As the FDA weighs approval of tebipenem pivoxil hydrobromide (tebipenem HBr) for the treatment of patients with complicated urinary tract infection (UTI), including acute pyelonephritis, the New England Journal of Medicine (NEJM) has published findings from the pivotal phase 3 ADAPT-PO trial showing that the oral agent has noninferior efficacy and safety compared to intravenous ertapenem in this setting.1,2
Spero Therapeutics, the developer of tebipenem HBr, previously reported that its new drug application (NDA) for tebipenem HBr, which was based on data from the ADAPT-PO trial, had received a priority review designation from the FDA, with the agency scheduled to decide on the NDA on or before June 27, 2022.
“ADAPT-PO was a landmark trial that is the first phase 3 head-to-head comparison of an all-oral versus all-IV treatment regimen in complicated UTI or acute pyelonephritis,” Angela Talley, MD, senior vice president, Clinical Development at Spero, and senior author of the NEJM paper, stated in a news release.
Explaining the background of the international, double-blind, double-dummy phase 3 ADAPT-PO trial, Talley and coauthors wrote in their NEJM manuscript, “There is a need for oral antibiotic agents that are effective against multidrug-resistant gram-negative uropathogens. Tebipenem pivoxil hydrobromide is an orally bioavailable carbapenem with activity against uropathogenic Enterobacterales, including extended-spectrum beta-lactamase–producing and fluoroquinolone-resistant strains.”
The microbiologic intention-to-treat population for the ADAPT-PO trial trial included 868 patients, comprising 50.8% with complicated UTIs and 49.2% with pyelonephritis. Patients were randomized in a 1:1 ratio to oral tebipenem HBr (449 patients; 600 mg every 8 hours) or intravenous ertapenem (419 patients; 1 g every 24 hours). The treatments were administered for 7 to 10 days, or up to 14 days in patients with bacteremia).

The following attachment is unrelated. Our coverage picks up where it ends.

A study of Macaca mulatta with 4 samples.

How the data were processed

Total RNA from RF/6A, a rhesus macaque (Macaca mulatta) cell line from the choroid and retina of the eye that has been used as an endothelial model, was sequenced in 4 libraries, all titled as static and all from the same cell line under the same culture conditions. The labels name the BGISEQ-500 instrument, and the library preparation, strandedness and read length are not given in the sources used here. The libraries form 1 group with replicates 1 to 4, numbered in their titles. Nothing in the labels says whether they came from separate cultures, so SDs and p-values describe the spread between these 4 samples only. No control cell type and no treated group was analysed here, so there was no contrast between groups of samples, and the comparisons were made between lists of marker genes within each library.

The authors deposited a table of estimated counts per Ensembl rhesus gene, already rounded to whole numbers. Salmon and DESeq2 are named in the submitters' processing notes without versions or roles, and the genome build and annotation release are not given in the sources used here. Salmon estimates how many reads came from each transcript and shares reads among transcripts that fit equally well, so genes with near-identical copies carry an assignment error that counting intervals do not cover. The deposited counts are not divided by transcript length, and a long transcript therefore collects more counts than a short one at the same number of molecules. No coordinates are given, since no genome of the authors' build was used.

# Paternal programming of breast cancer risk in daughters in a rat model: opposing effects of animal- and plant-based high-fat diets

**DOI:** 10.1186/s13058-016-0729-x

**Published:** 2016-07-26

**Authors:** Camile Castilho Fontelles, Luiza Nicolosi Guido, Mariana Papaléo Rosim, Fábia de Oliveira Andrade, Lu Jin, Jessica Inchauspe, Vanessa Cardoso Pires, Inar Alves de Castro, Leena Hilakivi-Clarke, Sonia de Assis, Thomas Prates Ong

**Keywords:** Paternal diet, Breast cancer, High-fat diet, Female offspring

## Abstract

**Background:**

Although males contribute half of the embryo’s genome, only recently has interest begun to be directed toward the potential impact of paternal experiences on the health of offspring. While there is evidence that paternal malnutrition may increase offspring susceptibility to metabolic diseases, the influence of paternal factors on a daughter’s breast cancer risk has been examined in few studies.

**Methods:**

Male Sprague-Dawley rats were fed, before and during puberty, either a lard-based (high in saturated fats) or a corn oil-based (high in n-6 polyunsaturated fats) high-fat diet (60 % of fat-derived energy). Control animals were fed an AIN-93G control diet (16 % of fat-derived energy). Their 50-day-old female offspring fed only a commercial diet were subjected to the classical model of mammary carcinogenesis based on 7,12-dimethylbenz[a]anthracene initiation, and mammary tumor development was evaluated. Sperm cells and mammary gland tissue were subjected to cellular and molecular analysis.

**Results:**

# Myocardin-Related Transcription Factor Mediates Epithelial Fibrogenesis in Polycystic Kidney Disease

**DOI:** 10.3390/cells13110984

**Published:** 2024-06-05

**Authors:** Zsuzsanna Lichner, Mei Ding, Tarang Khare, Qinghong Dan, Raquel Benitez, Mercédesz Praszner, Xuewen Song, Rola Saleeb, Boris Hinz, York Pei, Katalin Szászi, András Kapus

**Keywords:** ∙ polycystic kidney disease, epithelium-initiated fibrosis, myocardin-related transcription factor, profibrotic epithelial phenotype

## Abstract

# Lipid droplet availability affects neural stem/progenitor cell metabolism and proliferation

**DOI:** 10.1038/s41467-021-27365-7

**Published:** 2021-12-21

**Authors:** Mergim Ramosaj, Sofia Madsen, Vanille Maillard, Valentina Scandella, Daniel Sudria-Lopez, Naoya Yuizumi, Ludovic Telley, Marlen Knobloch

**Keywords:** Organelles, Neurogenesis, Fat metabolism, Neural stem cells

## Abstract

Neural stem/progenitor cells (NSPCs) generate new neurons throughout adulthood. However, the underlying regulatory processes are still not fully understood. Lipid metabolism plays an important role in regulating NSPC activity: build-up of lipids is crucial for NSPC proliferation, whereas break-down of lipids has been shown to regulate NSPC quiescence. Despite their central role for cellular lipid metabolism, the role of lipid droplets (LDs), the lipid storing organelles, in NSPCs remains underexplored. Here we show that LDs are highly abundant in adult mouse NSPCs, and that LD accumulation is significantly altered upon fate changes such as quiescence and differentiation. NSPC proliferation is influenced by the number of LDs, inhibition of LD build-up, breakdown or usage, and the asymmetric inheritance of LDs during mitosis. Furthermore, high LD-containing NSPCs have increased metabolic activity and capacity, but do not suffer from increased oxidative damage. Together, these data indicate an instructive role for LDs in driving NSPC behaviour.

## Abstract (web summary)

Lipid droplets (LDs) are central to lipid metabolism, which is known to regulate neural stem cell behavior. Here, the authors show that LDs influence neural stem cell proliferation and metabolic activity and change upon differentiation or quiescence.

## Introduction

The primary end point of the trial was overall response on day 19 (±2 days)in the microbiologic intention-to-treat population, measured as a composite of clinical cure and favorable microbiologic response. The margin to achieve noninferiority was 12.5%.
The overall response rate was 58.8% (264/449) among patients receiving tebipenem HBr compared with 61.6% (258/419) in patients treated with ertapenem (weighted difference, −3.3 percentage points; 95% CI, −9.7 to 3.2). Further, clinical cure at the test-of-cure visit was reported in 93.1% versus 93.6% of the groups, respectively (weighted difference, −0.6 percentage point; 95% CI, −4.0 to 2.8).
“The majority of patients with microbiologic response failures at the test-of-cure visit were asymptomatic patients with recurrent bacteriuria,” wrote Talley et al.
Safety was also comparable between the treatment arms, with 25.7% versus 25.6% of the tebipenem HBr and ertapenem groups, respectively, experiencing adverse events (AEs). Across the study, mild diarrhea and headache were the most common AEs.
“In this trial, tebipenem pivoxil hydrobromide was noninferior to intravenous ertapenem for the treatment of patients with complicated urinary tract infection or acute pyelonephritis,” Talley et al wrote in their concluding remarks. “Results were consistent across trial populations and subpopulations, infection types, and causative uropathogens. Clinical cure was observed in 90% or more of the patients in both treatment groups at the end-of-treatment and test-of-cure visits and was sustained in follow-up.”
For more insight on oral tebipenem pivoxil hydrobromide and the ADAPT-PO trial, watch our video interviews with Dr. Talley:
1. Spero Therapeutics Tebipenem Pivoxil Hydrobromide Phase 3 Data Published in The New England Journal of Medicine Published online April 6, 2022. Accessed April 18, 2022. https://bit.ly/3xEV5Mf
2. Eckburg PB, Muir L, Critchley IA, et al. Oral tebipenem pivoxil hydrobromide in complicated urinary tract infection. N Engl J Med. 2022;386(14):1327-1338. doi: 10.1056/NEJMoa2105462.